For years, members of Pakistan’s political class have frequently flouted the law and made a mockery of the established order. In this background, reports of the country’s electoral authorities moving to block candidates with dual nationalities from contesting next month’s parliamentary elections, finally brings a long overdue breath of fresh air to the South Asian country’s legacy of controversial politics. Yet, this and a raft of other measures to enforce tighter rules on contestants must only be seen as a long overdue beginning rather than an end to lift the quality of Pakistan’s democracy.

Sweeping changes in the past week among government officials deputed to Pakistan’s provinces have addressed the call of neutrality of the administrative order, ahead of the elections. This stands in contrast to past elections when clearly partisan officials had weighed in favour of one contestant or another.

Additional safeguards such as forcing candidates to reveal full details of their financial affairs is not new. But for now, it appears that Pakistan’s electoral authorities are moving with a fine-toothed comb to seek full information on such vital matters in a country where candidates had once conveniently ignored calls for greater transparency.

The apparent tightening of electoral rules ahead of general elections follows a year of unexpected events, starting with the removal of former prime minister Nawaz Sharif. He was forced out by a Supreme Court order triggered by the chance discovery of his family’s massive unaccounted offshore wealth.

Pakistanis must be grateful to the so-called ‘Panama leaks’ — leakage of information on Panama-based bank assets of the rich and mighty from all over the world, where the Sharif family had conveniently parked its wealth. It soon became a matter of public knowledge and discussion. The considerable scale of the former first family’s offshore assets include luxurious apartments located along London’s world famous Park Lane. The financial worth of those assets are well beyond the imagination of ordinary Pakistanis.

Though Sharif continues to dispute the Supreme Court judgement as part of a conspiracy aimed at his removal, the evidence on the ground points to the contrary. In addition to the case against Sharif, events in Pakistan today also suggest a growing yearning for greater accountability among the country’s ruling class. Across social media, messages of an unprecedented clean-up, beginning with those elected to positions of authority, continue to rise in popularity.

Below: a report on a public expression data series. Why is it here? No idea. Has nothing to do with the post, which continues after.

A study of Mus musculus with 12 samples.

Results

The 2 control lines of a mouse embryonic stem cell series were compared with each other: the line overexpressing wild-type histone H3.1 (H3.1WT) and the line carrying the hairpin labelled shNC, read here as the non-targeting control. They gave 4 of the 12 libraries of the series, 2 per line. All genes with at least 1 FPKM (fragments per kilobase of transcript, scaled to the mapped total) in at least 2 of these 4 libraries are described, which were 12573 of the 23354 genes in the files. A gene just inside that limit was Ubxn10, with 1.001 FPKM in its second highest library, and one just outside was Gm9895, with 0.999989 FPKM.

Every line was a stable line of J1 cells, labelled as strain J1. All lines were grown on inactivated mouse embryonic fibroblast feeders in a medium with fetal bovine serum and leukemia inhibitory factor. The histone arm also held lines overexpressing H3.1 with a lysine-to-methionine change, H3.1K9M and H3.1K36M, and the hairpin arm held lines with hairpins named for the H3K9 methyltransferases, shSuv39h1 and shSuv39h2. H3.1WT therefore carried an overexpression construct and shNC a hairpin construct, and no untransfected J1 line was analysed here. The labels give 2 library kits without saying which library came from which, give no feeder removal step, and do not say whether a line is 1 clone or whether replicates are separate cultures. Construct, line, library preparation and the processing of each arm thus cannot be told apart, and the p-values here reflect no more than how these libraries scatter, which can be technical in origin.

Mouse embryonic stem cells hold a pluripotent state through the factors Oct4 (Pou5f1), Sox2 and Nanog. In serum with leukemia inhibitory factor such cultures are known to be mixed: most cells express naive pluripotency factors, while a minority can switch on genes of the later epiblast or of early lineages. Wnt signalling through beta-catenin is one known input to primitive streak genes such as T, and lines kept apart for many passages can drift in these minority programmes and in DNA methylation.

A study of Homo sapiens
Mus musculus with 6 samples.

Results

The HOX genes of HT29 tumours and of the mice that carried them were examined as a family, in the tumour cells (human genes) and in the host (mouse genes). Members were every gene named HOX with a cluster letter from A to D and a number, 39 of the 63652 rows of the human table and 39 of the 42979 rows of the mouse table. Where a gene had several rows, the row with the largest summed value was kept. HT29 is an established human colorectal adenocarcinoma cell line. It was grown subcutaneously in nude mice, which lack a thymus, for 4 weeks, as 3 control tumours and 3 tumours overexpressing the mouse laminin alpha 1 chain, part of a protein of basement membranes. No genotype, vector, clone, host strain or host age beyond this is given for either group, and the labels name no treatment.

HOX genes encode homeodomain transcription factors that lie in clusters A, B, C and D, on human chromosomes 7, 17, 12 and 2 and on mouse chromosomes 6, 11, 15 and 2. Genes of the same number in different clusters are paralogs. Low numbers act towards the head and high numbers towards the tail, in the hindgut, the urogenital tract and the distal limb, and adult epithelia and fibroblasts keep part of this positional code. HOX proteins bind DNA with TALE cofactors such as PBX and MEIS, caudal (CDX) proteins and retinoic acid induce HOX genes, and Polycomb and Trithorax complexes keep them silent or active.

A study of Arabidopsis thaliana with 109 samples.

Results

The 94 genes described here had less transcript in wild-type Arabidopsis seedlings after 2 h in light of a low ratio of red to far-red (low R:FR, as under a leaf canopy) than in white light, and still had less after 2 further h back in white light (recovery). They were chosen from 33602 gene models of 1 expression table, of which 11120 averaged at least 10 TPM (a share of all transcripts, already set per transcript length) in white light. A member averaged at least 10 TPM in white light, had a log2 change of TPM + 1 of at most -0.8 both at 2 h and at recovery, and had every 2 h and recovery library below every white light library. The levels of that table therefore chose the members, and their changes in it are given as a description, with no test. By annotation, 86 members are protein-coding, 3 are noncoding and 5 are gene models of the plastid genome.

Sceptics, however, feel the present trends in the country are only a passing phase in the history of a nation where tolerance for graft has grown over time. The challenges confronting Pakistan are, in fact, just far too many and they are obviously tough to even begin to be resolved without a major shake-up in the way the country is being governed.

Given this background, the tightening of election rules could mark an important first step towards reversing what some have already characterised as Pakistan’s continuing descent into unending chaos. Going forward, Pakistan’s destiny will be shaped by decisive action on three inter-related fronts:

First, a new government elected will need to keep up the push against corruption as a top priority beyond the pre-poll clean-up drive. Across the world, its hard to find the example of a vibrant and successful country that has also tolerated unbridled corruption. In sharp contrast, there are well-documented cases of countries with great potential that have ended up destroying their futures as a consequence of continued tolerance for corruption.

Second, in this battle to clean up Pakistan, lessons will have to be learnt from the country’s recent history. The reckless use of public finances in the past five years under the watch of deeply controversial former finance minister Ishaq Dar, has not only saddled Pakistan with an unprecedented debt burden, but it has also severely compromised transparency and oversight that were once the norm. Today, unending stories of corruption in official contracts provides much food for thought over the risk of unchecked public expenditure on fancy infrastructure projects to achieve quick results.

Finally, for Pakistan’s long-term benefit, its state institutions will have to take the responsibility to monitor the conduct of the nation’s functionaries — ranging from civil servants, members of the ruling structure and all others related to governance. Unless members of the judiciary and other institutions responsible for such oversight are kept independent of external influence, Pakistan will not even begin to reform itself. These prerequisites are necessary to follow up on the recent measures of tightening of electoral laws. On the positive side, there is now at least a chance after a long while of Pakistan’s parliamentary elections to be held in a fairer environment than before.

Meanwhile, the likes of Sharif and his coterie of supporters continue to target the army as the principal agitator against them. And yet, they have little to say about their unaccounted wealth and blatant show of opulence in Pakistan and beyond.

If Pakistan’s history is objectively written, the case of the ‘Panama leaks’ will certainly figure prominently. But the country’s yearning for a more honest leadership to finally oversee a set of long-overdue reforms should also figure prominently in that treatise. The year 2018 will likely stand out as a meaningful period in Pakistan’s history for having set the ball rolling in the right direction.

Farhan Bokhari is a Pakistan-based commentator who writes on political and economic matters.